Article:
British CEOs are a declining species

Jan 16 2008 by Nic Paton Print This Article

They may be leading some of the biggest businesses in the UK, but more than four out of 10 of the country's top 100 chief executives are not from Britain.

The new research has illustrated not only the increasingly international, globe-trotting environment in which management high-flyers live today but has also raised worrying questions about whether UK firms are doing enough to bring on the leaders of tomorrow.

A study by recruitment firm Harvey Nash has found that more than four out of 10 – 42 per cent – of current FTSE-100 chief executives come from outside the UK.

While the analysis cited the increasingly global reach of the executive recruitment market and the continuing attractiveness of London's capital markets as key reasons for this influx of foreign stars, it also warned that UK companies were, for whatever reason, clearly not grooming enough home-grown talent.

Perhaps unsurprisingly, given its "special relationship" and common (most of the time) language, a large proportion (15 per cent) of the non-UK FTSE-100 talent hailed from North America.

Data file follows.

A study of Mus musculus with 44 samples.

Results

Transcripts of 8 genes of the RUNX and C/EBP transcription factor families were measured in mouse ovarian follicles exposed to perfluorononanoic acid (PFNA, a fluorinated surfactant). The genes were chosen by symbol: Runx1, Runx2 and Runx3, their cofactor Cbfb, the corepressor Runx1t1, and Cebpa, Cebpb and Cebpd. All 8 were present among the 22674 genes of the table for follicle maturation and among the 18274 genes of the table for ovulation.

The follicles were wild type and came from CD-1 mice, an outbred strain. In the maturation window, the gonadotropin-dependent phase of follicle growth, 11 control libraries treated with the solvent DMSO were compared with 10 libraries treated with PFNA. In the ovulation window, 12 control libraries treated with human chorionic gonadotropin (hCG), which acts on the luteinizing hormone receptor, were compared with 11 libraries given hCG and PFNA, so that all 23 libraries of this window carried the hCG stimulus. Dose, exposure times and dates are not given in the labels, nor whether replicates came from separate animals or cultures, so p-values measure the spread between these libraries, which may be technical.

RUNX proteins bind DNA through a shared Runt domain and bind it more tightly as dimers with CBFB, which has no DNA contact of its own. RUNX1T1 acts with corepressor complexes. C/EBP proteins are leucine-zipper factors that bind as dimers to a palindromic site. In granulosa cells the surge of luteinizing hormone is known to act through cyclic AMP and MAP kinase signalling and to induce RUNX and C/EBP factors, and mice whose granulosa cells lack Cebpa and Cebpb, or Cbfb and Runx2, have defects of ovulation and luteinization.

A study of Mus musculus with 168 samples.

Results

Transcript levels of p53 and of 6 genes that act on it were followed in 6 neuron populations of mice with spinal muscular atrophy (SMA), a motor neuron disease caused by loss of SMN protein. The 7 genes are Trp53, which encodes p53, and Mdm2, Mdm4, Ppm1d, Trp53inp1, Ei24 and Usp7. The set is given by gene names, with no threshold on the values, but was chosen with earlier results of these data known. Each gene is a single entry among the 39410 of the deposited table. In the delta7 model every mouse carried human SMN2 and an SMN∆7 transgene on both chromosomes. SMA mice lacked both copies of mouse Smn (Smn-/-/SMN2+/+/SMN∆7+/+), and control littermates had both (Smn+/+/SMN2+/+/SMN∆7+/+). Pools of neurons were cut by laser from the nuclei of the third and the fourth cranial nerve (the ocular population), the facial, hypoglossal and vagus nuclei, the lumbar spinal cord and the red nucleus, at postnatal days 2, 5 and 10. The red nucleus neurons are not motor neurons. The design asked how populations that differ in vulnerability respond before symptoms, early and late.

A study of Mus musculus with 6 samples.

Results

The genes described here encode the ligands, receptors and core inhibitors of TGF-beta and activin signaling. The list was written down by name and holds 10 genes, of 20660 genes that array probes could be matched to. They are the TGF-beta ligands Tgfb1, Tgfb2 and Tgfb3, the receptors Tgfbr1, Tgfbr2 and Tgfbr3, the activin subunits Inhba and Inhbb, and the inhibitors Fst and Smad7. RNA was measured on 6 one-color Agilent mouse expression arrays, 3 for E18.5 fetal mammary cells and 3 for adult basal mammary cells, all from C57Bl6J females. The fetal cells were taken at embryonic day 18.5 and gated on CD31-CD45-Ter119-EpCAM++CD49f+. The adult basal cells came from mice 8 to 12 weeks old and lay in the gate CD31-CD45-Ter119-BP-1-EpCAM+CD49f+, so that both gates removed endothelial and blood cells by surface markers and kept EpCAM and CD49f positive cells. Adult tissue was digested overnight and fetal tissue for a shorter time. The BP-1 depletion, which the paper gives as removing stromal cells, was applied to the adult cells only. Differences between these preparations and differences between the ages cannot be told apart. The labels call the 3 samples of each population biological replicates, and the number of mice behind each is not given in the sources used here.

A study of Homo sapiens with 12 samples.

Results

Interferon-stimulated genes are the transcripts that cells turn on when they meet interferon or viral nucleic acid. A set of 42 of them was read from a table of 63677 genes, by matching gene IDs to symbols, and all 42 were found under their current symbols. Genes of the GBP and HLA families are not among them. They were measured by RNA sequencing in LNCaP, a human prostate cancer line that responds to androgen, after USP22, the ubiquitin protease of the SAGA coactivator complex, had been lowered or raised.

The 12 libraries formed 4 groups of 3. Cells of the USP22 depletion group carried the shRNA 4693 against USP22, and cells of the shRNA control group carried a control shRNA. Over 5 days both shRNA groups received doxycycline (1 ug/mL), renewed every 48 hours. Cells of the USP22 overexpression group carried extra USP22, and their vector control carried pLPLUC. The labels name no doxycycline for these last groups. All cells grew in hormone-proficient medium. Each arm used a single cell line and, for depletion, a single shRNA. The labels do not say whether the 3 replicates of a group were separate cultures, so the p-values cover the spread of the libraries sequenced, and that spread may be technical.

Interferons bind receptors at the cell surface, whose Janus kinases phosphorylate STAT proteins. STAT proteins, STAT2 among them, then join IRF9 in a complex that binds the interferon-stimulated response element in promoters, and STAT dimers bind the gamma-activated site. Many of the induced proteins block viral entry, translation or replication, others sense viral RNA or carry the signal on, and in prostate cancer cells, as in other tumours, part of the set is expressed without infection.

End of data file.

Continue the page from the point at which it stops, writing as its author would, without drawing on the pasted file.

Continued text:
There was also a relatively significant Antipodean representation, with four per cent coming from Australia, just below South Africa's six per cent.

Despite their geographical closeness, Continental European chief executives made up just over a tenth of the total figure, split between France, Ireland and the Netherlands all on three per cent and Spain and Sweden on just one per cent each.

"Recruitment is becoming ever more globalised. Talent is international and more UK firms are casting the talent net wider to find the best people", said Harvey Nash chief executive Albert Ellis, himself a foreign national.

"If the best person for the role is foreign born or based outside UK, looking beyond British shores can only serve to benefit companies," he added.

"A perfect example of the value gained from a global talent pool are the Scandinavian countries that have embraced the move toward foreign recruitment in the last few years and enjoyed great economic growth as a result," he continued. "Global marketplaces are paving the way for a global workforce."

Yet, despite becoming more cosmopolitan and welcoming of high-flying "foreigners" in its midst, there was still a long way to go before the age and gender demographic of the FTSE-100 changed, argued the company.

Most chief executives, still, were aged 45 to 55-years-old male, with two thirds falling into this age bracket, compared with just three per cent aged under the age of 40, it pointed out.

And virtually all – 97 per cent – were male, with just three female CEOs represented at the top 100 table, it added.